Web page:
Parc Montmorency

A National Historic Site

Parc Montmorency is located on a section of the first farm in New France, that of Louis Hébert and his wife Marie Rollet. The park has a monument in their memory and in the memory of other pioneers of the colony. The other monument—dedicated to George-Étienne Cartier—helps explain why Québec City is sometimes called the “Old Capital.”

Two commemorative monuments

In the early 20th century, the usual way of paying tribute to a historical figure was by erecting a statue. The two monuments located in the park, like numbers of others that embellish Québec City, speak to the nationalistic zeal that inhabited French Canadians at the turn of the 20th century as one of the founding peoples of Canada alongside the British.

The monument to Hébert and Rollet was inaugurated with great pomp on September 3, 1918, with the Premier of Québec, Lomer Gouin, in attendance. Before a huge crowd, he said, “Faithful to its motto—I remember—our province has piously and wisely remembered the great names in its history and, every year, unfailingly raises monuments to the memory of those . . . who have made our homeland illustrious.” A second speaker described Louis Hébert as “the father of our agriculture,” and a third emphasized that Marie Rollet was the first in a long line of “strong generations of women in our country over the last three centuries.”

But who were Louis Hébert and Marie Rollet?

A pioneer couple

Parisian apothecary Louis Hébert made his first voyage to America in 1606–1607, landing at Port-Royal in Acadia. He returned with his wife and remained from 1610 to 1613, but trouble in the colony forced their return to France.

In 1617 Champlain recruited the couple again, along with their three children, and brought them with him to Québec. Settling on a property on Cape Diamond that extended from today’s Parc Montmorency to rue Couillard and rue Hébert, they were the first family to take up residence permanently in New France. The farm covered the sites occupied today by Notre-Dame Cathedral Basilica and the Petit Séminaire de Québec. Louis Hébert grew grain, vegetables, medicinal plants, and Normandy apple trees. He also tended the sick, among them Native people, with whom he had amicable ties.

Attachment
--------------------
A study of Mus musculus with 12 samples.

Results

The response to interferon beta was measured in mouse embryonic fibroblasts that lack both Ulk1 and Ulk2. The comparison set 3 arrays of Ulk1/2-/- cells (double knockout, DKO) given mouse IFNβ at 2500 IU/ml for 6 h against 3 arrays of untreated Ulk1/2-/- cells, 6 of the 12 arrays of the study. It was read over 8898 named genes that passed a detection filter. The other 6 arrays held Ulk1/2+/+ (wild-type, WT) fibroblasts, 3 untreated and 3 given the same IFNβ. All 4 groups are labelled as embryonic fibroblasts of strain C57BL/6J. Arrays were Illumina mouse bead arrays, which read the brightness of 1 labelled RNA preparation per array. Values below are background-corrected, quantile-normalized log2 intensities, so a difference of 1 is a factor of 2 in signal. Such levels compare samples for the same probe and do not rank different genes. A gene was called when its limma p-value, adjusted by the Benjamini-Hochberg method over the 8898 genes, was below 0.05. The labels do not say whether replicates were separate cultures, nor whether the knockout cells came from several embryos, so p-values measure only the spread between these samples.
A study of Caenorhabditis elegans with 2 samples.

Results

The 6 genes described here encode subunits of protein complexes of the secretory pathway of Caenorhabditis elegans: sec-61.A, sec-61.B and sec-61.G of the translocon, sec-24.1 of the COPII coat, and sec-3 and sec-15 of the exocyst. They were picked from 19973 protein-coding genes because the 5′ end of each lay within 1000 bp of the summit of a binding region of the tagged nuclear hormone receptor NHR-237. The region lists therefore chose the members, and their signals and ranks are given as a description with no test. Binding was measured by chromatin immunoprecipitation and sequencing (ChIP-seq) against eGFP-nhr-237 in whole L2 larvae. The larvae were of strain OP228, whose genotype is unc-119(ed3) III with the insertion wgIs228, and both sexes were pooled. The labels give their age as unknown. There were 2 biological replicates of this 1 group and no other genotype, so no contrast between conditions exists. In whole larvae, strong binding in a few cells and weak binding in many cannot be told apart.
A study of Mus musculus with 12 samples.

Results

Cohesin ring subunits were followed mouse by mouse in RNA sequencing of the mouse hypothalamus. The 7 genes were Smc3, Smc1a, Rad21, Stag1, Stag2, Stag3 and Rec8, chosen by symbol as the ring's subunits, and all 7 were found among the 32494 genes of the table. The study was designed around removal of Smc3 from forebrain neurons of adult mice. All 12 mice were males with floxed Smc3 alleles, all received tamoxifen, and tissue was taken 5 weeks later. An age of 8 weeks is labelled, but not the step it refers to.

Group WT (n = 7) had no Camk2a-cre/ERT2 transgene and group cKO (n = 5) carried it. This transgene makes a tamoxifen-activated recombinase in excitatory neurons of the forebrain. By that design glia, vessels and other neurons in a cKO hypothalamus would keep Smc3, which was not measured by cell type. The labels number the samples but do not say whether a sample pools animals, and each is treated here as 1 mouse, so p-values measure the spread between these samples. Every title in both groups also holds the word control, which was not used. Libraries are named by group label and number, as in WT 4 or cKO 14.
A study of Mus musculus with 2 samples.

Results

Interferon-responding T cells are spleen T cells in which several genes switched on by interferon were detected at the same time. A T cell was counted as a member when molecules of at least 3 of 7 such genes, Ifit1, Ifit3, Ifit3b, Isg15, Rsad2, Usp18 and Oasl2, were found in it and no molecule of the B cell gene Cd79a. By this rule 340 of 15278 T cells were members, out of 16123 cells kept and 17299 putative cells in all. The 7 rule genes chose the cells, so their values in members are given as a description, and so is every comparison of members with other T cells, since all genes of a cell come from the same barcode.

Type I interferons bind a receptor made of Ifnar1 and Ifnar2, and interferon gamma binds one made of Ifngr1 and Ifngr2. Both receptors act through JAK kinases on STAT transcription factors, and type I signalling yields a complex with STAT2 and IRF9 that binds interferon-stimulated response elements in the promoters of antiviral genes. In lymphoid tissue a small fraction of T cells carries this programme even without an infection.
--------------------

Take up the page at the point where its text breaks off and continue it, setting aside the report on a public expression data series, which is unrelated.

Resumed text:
Marie Rollet helped work the land, care for the sick, and preach the Gospel to the Aboriginal population. In 1627, after her husband’s accidental death (he slipped on a patch of ice), Marie Rollet married Guillaume Hubou. She died in 1649. Their daughter Guillemette and her husband Guillaume Couillard produced a long line of descendants.

A national historic site

However, Hébert and Rollet’s pioneer farming was only one of the reasons why the Government of Canada made Parc Montmorency a national historic site in 1949.

The monument dedicated to George-Étienne Cartier, one of the Canadian Fathers of Confederation, suggests another major reason: It is located at the exact spot where the parliament of the United Province of Canada once stood. The building was destroyed by fire. In 1864, the first version of the British North America Act—the founding document of modern-day Canada—was drafted there.

A part-time capital

Regional rivalries at the time (1849 to 1867) concerning the location of the capital of a united Canada were resolved through a compromise: Québec City and Toronto would alternate as the seat of government, each taking one term of office. In the 1860s, Québec City was therefore a part-time capital. It also entertained the hope of becoming the capital of a future Canada, but Queen Victoria of England decided otherwise, designating Bytown, soon renamed Ottawa, a small, out-of-the-way city with no claims in that regard, as the capital of the country that would be born in 1867.

Hence, the reference to Québec City as the “Old Capital.”